Transparency on the U.K. gender pay gap

by | Apr 9, 2017

Effective 6th April 2017, thousands of U.K. employers will have to publish pay differences on the earnings of men and women. Any organizations with 250 or more employees now have to reveal any gender discrepancies in remuneration between men and women by April 2018. [Tweet "The new regulations, impact more than 15 million people, which is almost half the U.K. workforce."]

Read: Male Colleagues Earning More? How to initiate the pay rise conversation.

Managing the gender pay gap

gender pay gap

Currently the UK national gender pay gap stands at 18.1 percent, according to the Office for National Statistics estimates. Employers will be required to publish figures from a “snapshot” period in April, calculating the median and mean pay gaps, the proportion of men and women in each quartile of the payroll and the gaps reflected in any bonuses -- including the proportions of male and female bonus recipients.  Companies are also urged to create action plans to bridge the gap.

Read: Women pay more with an invisible Pink Tax

Gender pay gap and equal pay

The gender pay gap and equal pay are complex issues and many end up confusing the two concepts.  Equal Pay applies to situations when men and women are being equally remunerated for doing the same work.  This has been on the statute books since the 1970s.  [Tweet "It should be a straight forward, legally enforceable exercise, but it isn’t."] There are times when men and women are supposed to earn the same, but they don’t. Even at graduate entry-level or post MBA, discrepancies start to emerge.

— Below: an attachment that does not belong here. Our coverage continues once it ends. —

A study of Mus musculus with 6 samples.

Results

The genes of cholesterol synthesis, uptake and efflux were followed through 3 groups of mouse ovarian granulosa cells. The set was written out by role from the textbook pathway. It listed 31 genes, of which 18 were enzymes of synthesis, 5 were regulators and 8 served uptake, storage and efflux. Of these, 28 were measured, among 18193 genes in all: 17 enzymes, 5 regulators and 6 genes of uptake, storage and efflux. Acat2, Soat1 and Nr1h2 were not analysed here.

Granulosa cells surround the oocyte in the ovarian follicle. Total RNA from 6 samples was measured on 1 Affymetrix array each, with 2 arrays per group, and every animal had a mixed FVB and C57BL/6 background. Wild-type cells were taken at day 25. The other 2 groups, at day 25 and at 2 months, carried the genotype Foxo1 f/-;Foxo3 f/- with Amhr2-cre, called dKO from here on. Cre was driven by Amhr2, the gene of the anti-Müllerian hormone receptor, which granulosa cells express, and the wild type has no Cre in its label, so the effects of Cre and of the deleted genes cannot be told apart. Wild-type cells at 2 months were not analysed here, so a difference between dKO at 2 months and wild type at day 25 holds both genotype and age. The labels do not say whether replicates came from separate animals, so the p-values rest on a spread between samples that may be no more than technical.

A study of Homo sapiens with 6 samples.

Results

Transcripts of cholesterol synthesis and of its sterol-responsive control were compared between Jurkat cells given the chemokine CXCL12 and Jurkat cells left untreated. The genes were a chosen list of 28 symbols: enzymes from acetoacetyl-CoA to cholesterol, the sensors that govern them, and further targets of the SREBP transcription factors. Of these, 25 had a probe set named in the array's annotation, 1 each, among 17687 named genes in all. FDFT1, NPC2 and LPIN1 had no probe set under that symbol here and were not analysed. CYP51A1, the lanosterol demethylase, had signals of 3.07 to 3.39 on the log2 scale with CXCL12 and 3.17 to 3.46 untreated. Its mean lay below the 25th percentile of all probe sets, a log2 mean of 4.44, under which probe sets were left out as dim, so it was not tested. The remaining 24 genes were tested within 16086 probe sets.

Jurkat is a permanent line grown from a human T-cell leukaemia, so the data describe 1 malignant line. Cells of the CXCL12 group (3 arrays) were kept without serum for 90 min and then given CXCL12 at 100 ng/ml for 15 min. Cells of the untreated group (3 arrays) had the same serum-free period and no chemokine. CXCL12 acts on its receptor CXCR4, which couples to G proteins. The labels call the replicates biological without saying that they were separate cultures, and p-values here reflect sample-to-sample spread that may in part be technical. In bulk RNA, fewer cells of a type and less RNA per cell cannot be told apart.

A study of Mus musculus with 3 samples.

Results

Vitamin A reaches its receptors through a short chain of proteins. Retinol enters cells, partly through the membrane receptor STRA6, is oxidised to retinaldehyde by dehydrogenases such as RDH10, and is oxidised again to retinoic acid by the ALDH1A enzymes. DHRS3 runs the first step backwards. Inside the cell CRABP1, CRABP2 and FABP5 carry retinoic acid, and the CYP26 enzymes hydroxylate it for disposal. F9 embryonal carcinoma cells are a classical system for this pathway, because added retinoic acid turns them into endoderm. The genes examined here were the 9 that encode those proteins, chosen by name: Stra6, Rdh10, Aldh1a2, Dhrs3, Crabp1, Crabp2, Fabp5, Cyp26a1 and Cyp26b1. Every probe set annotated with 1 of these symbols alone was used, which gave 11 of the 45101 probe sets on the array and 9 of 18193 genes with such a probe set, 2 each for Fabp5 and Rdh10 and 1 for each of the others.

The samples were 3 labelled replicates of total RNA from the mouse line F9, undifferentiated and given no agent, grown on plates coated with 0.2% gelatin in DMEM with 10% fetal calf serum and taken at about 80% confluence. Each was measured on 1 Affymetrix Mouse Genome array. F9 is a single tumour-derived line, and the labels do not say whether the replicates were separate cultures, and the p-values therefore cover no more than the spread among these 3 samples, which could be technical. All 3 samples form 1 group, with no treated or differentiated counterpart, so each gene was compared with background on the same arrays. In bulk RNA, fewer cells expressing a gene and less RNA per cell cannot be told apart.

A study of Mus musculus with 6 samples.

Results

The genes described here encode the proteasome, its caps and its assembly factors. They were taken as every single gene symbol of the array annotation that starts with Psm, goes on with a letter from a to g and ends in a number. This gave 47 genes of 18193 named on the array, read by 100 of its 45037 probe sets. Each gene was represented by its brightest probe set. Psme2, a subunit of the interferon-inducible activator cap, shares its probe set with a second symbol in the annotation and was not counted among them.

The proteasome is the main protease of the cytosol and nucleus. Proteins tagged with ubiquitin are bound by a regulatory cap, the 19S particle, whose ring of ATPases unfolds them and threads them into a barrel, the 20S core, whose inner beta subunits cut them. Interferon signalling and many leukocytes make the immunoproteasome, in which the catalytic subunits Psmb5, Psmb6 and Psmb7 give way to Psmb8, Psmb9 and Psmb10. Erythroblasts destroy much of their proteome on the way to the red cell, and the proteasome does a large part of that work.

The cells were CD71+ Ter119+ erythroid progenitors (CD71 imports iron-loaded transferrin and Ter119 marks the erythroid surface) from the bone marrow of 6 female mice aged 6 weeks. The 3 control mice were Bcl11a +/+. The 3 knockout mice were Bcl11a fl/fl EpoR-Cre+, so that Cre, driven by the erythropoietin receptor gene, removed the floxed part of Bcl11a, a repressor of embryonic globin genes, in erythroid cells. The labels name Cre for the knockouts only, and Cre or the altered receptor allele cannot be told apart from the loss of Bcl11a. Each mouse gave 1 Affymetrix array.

The Gender Pay Gap focuses on the average hourly pay for men and women across an organization. It is usually skewed because men dominate senior roles. So it will never be straight forward. Factors such as continuous service play a role, as well as the weighting given to different functions within organizations. A highly competent woman might earn less than a mediocre man simply because she took a short parenting gap. Functions with P & L responsibility usually carry higher remuneration levels than pink skill silo jobs where women tend to be channeled (HR, marketing, communication.) Jobs associated with the employment of women tend to pay less and don't attract men.

Read: Why HR does not do more for gender balance

Scale of problem

The scale of the problem has probably not been totally identified because many companies have never made the necessary detailed calculations. Those that have done the work, have corrected some of the major anomalies, but not all. The cost of doing that exercise would be too significant.

Gender pay gap transparency is not the total solution, but will certainly play a valuable role of a wider process to boost any move towards gender parity. As the social proofing of companies becomes more commonplace, women are able to research companies and organizations about how they treat female employees. Information in the public domain will encourage women to decide whether to accept a role in a company that is openly under performing at managing their gender pay gap.  [Tweet "84% of young women that the gender pay gap is a factor in rejecting job offers. "]

So we will see what difference if any transparency on the overall the gender pay gap will make.

Need help with gender balance in your company? Contact 3Plus now!

Staff Writer: Career Contributor
3Plus welcomes any writers to join 3Plus as a Staff Writer. If you are an expert in Job Search, Career and Mentoring or just want to share your experiences, contact us! We would love to give you a voice!